Many of today's leadership practices are rooted in historical military testing, application, and refinement. But what can business leaders gain from current-day military, specifically Navy, leadership practices that have been honed for years and now are used with today's more complex, competitive leadership environment? A lot!
The next time you hear a business leader complain about "the new generation worker" and how they cannot motivate them and how they take no initiative, consider this:
I had the privilege of spending a weekend aboard the USS Abraham Lincoln, about 100 miles offshore as it prepared for a deployment. This aircraft carrier is the proud flagship of the Navy's fleet and is a floating city. Over 5,000 sailors live and work on it. They perform the most complex flight operations in the most tumultuous conditions, day and night, with zero degrees of freedom. The cost of error is tens of millions of dollars in damaged Navy assets or even loss of life. No Top Gun movie scene here. This is the real-life danger zone!
This type of environment demands nothing less than fully synchronized teamwork, passionate selflessness, relentless effort, and consistent execution. All this is delivered by sailors with an average age of 20 years old. So, this peak level of performance is achieved with thousands of 18- and 19-year-olds, most of whom did not have a clear direction after graduating high school, let alone have an MBA. It is mind-boggling when I couch this against clients who are frustrated with their highly educated team's performance while they are working in nicely appointed, air-conditioned, land-based offices. At the core of this level of Naval performance is crystal-clear expectations.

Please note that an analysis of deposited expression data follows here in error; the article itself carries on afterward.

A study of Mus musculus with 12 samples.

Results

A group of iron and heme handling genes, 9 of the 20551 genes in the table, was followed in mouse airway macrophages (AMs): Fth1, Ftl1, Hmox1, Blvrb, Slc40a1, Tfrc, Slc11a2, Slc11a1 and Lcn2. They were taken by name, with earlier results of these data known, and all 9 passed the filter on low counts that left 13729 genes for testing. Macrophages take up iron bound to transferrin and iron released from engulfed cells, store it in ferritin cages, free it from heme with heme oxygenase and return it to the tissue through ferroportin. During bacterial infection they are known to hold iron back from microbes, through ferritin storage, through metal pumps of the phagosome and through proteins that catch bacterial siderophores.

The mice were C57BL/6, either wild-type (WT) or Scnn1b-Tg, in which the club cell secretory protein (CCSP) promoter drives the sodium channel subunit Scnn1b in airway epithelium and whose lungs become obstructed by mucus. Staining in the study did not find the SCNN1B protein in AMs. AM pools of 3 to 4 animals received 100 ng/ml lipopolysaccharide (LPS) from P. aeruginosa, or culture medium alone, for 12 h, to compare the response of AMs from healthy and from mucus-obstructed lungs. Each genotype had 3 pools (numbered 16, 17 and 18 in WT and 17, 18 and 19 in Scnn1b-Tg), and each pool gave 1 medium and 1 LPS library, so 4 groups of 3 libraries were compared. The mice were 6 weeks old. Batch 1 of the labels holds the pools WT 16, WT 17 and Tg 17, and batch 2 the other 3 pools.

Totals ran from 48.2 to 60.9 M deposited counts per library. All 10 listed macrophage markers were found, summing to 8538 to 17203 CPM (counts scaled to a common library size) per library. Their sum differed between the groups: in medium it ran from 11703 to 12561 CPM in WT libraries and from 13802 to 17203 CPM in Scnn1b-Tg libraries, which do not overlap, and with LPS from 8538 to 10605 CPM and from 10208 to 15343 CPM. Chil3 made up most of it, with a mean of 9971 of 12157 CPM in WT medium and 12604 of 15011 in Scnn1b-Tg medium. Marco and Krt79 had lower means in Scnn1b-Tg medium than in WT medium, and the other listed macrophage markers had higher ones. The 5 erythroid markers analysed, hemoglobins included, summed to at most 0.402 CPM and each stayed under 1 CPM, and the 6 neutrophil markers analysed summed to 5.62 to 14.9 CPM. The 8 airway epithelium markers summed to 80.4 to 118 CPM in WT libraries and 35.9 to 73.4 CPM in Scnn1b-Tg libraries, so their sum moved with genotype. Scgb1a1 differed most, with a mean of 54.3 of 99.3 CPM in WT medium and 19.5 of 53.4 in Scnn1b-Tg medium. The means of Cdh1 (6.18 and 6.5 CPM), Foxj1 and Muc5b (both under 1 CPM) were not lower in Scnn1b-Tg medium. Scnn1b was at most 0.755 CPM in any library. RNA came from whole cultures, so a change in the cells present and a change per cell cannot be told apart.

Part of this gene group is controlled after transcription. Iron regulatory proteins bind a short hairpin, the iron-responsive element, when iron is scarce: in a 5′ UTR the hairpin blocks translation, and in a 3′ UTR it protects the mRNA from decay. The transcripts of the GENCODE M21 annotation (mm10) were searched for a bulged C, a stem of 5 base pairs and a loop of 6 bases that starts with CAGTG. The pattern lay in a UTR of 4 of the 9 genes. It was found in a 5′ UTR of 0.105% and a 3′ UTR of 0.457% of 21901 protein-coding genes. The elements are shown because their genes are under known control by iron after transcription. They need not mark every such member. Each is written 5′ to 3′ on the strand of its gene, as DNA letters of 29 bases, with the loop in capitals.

At the most basic level, the job of a coach is to equip team members with knowledge and tools to be successful. A leader is only successful if his or her team is successful. That includes educating team members on organizational systems like budgeting, goal setting, and authority levels for spending and training.
The leader must also educate his or her team on informal "learning the ropes" things like company culture norms during working hours, lunchtime, meetings etiquette, attire, how presentations are made, key people to keep in the loop, and how decisions are really made, regardless of what the policy states.
Equipping your team by explaining these aspects of the job is not a one-time thing you check off your leadership list. Inspiring coaches continually explain, educate, and equip their team with tips, tools, training, and insights.
Just like winning a sports game starts at the beginning with good practice, winning in business starts at the beginning of the performance process. If you wait until the end, then you are simply imposing consequences rather than inspiring positive performance. That's why aligning on expectations is a good predictor of winning business results.
Expectation gaps lead to execution gaps. The large majority of performance frustrations stem from not communicating clear expectations up front. There- fore, the coaching key is to front-end-load clarity. You and your team should be able to easily align on the answer to this question: "How will I know if I have met expectations?"
We cannot rely on others' perceptions of our expectations. The imperfect nature of human communication requires us to be more specific than we think we need to be. Lack of clear expectations is the most com- mon reason for performance problems. There is not really a close second. Gaining alignment through clear expectations is job No. 1 for inspiring coaches.
Learn more fromn the author's latest book, The Power of Positive Coaching.